Of the three elements, this is probably the easiest to associate with its Greek heritage. Logos – logic. Things need to make sense, they have to be consistent with the message, and the messenger. Stepping into the realm of cliché for a moment, if you have a heavily tattooed person in ripped jeans and many piercing tell you they’re about to deliver a lecture on Cosmic String Theory, the logos of that argument is pretty much shot from the get go.
This element is often listed third in the triumvirate of elements of persuasion, because if the first two stack up really well, you often give Logos some concessions. If you know this person who is heavily tattooed is well spoken, kindly and helps kids at the local recreation centre, so his Ethos is established; and if you absolutely love Cosmic String Theory and it excites you and you’ve read a few articles this person has written, then your Pathos is established. So, while this person may not look like any cosmic philosopher you’ve ever seen, you’ll give them a chance to persuade you with their message, and try not to stare at the three eye brow piercings and nose rings.
Where this element of Logos comes into its own is through the ‘love at first sight’ situation. This message is at the core of every personal stylist, fashion magazine, and clique of girls judging every person walking past them in the mall. The first impression you make, visually, will set you up for the rest of the encounter. If it is a bad impression, then people will presuppose about you, and any networking, anything you wish to do, you’re starting on the back foot.
Let me return to the Trivago ad series. For the reasons mentioned previously, about the whimsy of romance, and the consistency of the characters involved, it makes sense that this rich playboy with the hipster beard would whisk the lady around the world with him, staying at fancy hotels. The logic of this fantasy story holds true – Cinderella finds her prince charming, and lives the life of fancy hotels around the world.
Logic can mean different things to different people, as I mentioned above. In regards to Trivago, people could argue that meeting a woman in a hotel would not logically extend to a romance which spans the world. And yet, in my personal life, this logic holds, so, it CAN happen.
What does this mean in regard to the Trivago ad campaign? It means that people who don’t believe in the logic that a man and woman who meet in one of their hotels could tour the world would not buy from them. But then, that may not be their target market. They want adventurous people who would lob into a city, and then use them to find a place to stay.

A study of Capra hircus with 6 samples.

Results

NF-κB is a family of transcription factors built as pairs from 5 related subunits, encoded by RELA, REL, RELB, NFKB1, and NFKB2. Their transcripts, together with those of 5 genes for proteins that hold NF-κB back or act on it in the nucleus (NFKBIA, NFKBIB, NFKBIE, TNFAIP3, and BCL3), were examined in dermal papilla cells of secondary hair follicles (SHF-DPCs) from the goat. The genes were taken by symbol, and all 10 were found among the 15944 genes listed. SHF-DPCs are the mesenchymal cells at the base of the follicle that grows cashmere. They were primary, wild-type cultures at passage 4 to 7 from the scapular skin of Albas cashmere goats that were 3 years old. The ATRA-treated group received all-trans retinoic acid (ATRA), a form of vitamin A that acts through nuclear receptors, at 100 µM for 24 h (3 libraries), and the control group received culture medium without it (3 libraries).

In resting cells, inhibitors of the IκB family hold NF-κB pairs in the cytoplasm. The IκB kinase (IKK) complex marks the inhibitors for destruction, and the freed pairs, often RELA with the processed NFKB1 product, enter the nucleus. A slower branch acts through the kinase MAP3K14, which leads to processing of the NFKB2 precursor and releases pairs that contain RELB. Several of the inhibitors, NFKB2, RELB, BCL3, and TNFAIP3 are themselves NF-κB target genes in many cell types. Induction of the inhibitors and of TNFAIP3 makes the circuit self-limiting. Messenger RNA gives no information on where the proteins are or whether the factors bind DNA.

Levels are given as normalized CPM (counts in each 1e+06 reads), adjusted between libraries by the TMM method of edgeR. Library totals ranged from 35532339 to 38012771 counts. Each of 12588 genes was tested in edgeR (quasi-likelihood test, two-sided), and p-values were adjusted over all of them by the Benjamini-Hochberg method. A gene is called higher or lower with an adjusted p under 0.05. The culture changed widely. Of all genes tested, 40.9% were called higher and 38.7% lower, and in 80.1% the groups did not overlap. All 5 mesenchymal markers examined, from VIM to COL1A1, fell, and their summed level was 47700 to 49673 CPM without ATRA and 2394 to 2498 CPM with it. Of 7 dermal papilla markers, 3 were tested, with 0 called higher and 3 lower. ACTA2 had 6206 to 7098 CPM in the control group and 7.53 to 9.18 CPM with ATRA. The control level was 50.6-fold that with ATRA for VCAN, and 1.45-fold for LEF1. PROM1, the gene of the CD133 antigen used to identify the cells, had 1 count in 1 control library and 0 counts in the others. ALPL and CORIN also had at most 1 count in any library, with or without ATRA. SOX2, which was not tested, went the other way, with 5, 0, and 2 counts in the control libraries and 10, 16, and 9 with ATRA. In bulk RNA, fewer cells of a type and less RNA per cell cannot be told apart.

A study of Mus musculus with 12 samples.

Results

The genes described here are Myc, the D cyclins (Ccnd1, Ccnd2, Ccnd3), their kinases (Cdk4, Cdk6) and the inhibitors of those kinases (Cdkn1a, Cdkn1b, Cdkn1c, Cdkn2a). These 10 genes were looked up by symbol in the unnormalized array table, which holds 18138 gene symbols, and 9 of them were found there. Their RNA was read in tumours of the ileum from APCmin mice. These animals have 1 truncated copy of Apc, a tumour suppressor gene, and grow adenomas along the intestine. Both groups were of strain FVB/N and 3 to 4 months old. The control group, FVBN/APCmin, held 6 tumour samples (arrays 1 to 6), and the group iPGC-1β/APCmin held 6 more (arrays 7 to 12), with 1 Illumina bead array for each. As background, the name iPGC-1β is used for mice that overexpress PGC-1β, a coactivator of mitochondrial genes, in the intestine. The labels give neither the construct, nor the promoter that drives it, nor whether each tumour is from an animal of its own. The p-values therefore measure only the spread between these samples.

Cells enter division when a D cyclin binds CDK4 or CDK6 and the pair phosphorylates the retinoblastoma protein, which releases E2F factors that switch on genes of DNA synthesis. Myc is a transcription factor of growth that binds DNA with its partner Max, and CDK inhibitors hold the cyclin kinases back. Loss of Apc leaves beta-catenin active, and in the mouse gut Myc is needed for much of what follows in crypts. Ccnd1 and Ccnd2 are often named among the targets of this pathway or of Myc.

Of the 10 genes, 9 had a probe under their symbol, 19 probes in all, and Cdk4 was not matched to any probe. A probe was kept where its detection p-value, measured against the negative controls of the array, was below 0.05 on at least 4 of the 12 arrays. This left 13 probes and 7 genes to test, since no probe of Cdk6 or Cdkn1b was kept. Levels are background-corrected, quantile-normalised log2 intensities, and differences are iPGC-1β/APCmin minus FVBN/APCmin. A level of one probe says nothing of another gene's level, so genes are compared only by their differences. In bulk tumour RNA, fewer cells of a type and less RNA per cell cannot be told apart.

When it comes to your target market, those customers you really want to appeal to, then you need to understand what makes sense to these people. It makes sense to the younger generation that, purchasing something now will probably mean they will need to upgrade it later to a newer model, and if what they purchase from you sucks, they’ll tell everyone they know, and don’t know, on social media. For an older generation, their logic can centre around good old customer service, speaking to someone, knowing that their purchase will last a long time.
Of course, these two examples are incredibly generalised, compared to some more detailed avatar profiles you can create, but you can begin to see where I am going with this.
Looking back, again, to your target market, or more so to a market you wish to break into, Logos can be the most important factor in any marketing campaign. You can appeal to the emotions of many people, have them believing that what you’re proposing is the right thing to do, but if it doesn’t make sense, if the logic of your argument does not hold true, then you lose a potential new client. You need to find that way to convince them that what you say makes sense, is true for them and their beliefs.
An example of this can be the professional charity collectors. Yes, I feel for the cause you are collecting for, the pain in your voice captures my heart and makes me yearn to help whatever it is you’re trying to help. I agree that we, as a rich, first world nation, should help those less fortunate than us, I just don’t get the logic that these professionals can sometimes get paid $100 per sign up to a long term charity plan (source: news.com.au Feb 19, 2012). You need to somehow convince me that this is the right thing for me to do, and that I don’t have a better option with a more, ethical charity collection.
This is the fourth article in this series, and the third to look at these three core ingredients for a GOOD STORY. Next time you read an article, see an ad campaign on the television, or the movies, ask yourself- do I feel connected to the protagonists of this campaign? Do you believe in the integrity of character, for those depicted in the campaign? And does it make sense, what they’re doing?
If there is a yes to all three questions- you’re in. If you answer no, then there is a flaw, and it will not stay solid in your memory, and you would remember the campaign for all the wrong reasons.
You can build a long story arc for a product, and have customers hanging on your every word. You can build a narrative, build a raving mad tribe of followers for your products, your next instalment of the story. And, at the end of the day, when it comes to the bottom line, you can make some substantial coin, for a long, sustained time.